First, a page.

A 376-year-old horsehide trunk that survived a shipwreck in Colonial America — caused by one of the most terrific storms to occur along the Maine coast — now is on display at Colonial Pemaquid State Historic Site in New Harbor.
John Cogswell of Buena Vista, Colo., a direct descendant of the same-named American colonist who first owned the trunk, has lent the historic artifact to the Colonial Pemaquid museum for seven years with the possibility of its becoming part of the museum’s permanent collection, according to Maine Bureau of Parks and Lands officials, under the Maine Department of Conservation.
“We have a centuries-old barrel that once lined a well near the waterfront from which colonist John Cogswell may have drunk, and now we have his personal trunk that actually went down with the shipwreck in 1635,” said Tom Desjardin, Maine Bureau of Parks and Lands historian. “There aren’t a lot of museums where you can see things that fascinating, especially as a part of Maine’s history.”
“Our family has been the guardian of the Cogswell trunk since it floated ashore at Pemaquid Point on August 15, 1635,” the most recent John Cogswell said. “We are now pleased to pass it along to the State of Maine, which has the perfect place where the public can enjoy this piece of history, including those descendants of families who came to America on the Angel Gabriel which met its fate during the hurricane which sunk it and brought the trunk to shore.
“The small museum at Pemaquid Point where the trunk will now rest safely and securely is a delightful place and a credit to the people of Maine,” he said.
Colonial Pemaquid is a unique Maine historic site originally a colonial fishing settlement established in the 1620s that produced and shipped cod to England. A reproduction English fort, Fort William, an 18th-century farmhouse and a museum containing rare colonial artifacts and American Indian items going back 7,000 years define the historical significance of the site, located on a sheltered coastal peninsula, to human habitat. Last year, more than 28,000 visitors explored Colonial Pemaquid, where special events also are offered by the Friends of Colonial Pemaquid.
In 1635, the English galleon Angel Gabriel went to the bottom of Pemaquid Harbor in the Great Colonial Hurricane of 1635, Desjardin said. John Cogswell, a young merchant hoping to build a new life and business in the New World, had been a passenger on the Gabriel’s voyage from England and, like many of his fellow travelers, disembarked for the night while the ship anchored at the Pemaquid settlement in modern-day Bristol, Maine.
“Just before dawn the following morning, a storm that may have been the strongest ever to hit the Maine coastline blew through the region,” the park historian related. “When it had passed, all that remained of the Angel Gabriel — a ship very much like the Mayflower, only larger and with more cannons — was debris floating in the harbor.”
The ship Mayflower brought the English Puritans to Plymouth, Mass., in 1620.
Cogswell managed to recover some of his goods, mostly barrels of items he had brought on the voyage to help set up his new commercial venture, but most of his fortune was lost beneath the waves, Desjardin said. Among the wreckage of the storm, however, floated a small trunk covered with horsehide and decorated with ornate, round-headed nails including the letters “J. C.” It contained all of the personal belongings Cogswell had in the New World.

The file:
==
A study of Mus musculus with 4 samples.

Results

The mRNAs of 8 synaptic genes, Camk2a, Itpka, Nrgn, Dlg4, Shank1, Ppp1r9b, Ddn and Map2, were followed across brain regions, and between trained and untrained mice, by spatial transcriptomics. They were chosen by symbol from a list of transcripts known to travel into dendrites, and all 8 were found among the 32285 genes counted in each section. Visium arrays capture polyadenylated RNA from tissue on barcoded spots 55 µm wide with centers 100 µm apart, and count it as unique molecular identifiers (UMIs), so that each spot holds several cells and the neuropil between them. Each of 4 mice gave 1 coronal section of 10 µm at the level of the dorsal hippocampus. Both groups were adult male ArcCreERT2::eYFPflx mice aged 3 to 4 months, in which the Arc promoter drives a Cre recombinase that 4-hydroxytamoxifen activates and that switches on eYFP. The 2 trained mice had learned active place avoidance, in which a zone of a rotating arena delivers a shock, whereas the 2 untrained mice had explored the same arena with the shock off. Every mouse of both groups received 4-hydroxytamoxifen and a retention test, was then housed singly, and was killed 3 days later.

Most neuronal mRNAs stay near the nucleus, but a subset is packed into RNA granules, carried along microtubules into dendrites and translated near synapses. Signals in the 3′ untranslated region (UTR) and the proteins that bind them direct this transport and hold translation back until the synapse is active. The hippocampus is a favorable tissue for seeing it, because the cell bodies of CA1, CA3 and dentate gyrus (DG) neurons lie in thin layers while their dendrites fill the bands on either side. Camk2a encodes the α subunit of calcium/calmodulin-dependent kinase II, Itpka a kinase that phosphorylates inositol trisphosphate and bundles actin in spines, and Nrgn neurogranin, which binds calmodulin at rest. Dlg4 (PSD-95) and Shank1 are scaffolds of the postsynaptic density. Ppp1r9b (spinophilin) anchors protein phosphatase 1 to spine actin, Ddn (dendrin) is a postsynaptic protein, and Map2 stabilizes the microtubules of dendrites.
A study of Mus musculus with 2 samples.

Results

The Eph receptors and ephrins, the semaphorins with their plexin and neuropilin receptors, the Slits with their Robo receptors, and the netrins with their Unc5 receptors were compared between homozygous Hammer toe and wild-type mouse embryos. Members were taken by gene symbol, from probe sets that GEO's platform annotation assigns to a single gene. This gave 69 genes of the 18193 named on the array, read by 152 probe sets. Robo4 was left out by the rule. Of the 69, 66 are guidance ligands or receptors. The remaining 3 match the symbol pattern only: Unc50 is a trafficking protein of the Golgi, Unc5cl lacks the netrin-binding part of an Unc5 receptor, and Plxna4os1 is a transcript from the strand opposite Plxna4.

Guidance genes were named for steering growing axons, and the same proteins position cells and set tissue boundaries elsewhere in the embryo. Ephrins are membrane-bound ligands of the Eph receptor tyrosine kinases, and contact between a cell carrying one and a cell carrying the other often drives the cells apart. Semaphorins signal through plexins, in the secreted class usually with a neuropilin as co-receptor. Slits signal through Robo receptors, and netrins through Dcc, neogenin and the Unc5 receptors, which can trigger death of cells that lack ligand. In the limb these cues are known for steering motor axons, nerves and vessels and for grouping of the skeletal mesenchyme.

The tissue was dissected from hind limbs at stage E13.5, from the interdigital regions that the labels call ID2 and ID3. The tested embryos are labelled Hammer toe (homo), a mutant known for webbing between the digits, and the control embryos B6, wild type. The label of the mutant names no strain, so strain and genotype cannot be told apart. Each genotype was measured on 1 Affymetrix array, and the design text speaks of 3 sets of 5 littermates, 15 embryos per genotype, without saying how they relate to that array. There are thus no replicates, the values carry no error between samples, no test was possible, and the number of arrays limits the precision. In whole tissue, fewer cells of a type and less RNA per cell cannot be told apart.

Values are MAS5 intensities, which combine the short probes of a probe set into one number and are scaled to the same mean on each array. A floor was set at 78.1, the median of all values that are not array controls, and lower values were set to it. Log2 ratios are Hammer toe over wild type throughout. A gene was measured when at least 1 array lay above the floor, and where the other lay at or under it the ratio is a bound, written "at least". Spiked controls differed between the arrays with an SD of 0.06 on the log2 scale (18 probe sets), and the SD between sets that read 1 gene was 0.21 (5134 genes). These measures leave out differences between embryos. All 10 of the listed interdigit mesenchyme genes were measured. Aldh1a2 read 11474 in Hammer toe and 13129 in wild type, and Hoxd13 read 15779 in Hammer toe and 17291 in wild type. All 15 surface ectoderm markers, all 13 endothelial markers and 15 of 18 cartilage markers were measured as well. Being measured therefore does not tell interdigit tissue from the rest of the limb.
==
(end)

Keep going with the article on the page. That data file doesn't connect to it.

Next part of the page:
“Cogswell must have cherished the trunk, because nine generations later, another John Cogswell is the latest of the family heirs to possess it,” Desjardin said. “The historic irony is that the Cogswell trunk is now on display in the museum at Colonial Pemaquid, just a few hundred feet away from where it had been stored below decks on the ill-fated galleon.”
Last year, a new bronze plaque commemorating the shipwreck on the 375th anniversary of the event was unveiled at Colonial Pemaquid. The latest John M. Cogswell — the sixth male of that name in the direct family line between him and his ancestor who first owned the trunk — read about the plaque and contacted Desjardin.
After exchanging a few emails with the park historian, Cogswell arranged to loan the trunk to Colonial Pemaquid for seven years, with the possibility of making it a permanent donation. Cogswell also has provided an affidavit attesting to the provenance of the trunk through his family.
Visitors now can view the distinctive, monogrammed trunk on display at the Colonial Pemaquid museum, along with a model ship depicting how the Angel Gabriel looked. The historic plaque, embedded in a granite monument, also can be viewed on the grounds of the state historic site.
“We are very grateful to Mr. Cogswell and the entire Cogswell family for making this unique artifact available to the state of Maine and to all visitors to Colonial Pemaquid,” Desjardin said. “The Cogswell trunk is a cherished piece of our special American history and has an honored place in our museum.”
For more information about Colonial Pemaquid State Historic Site, call 677-2423 or visit www.friendsofcolonialpemaquid.org.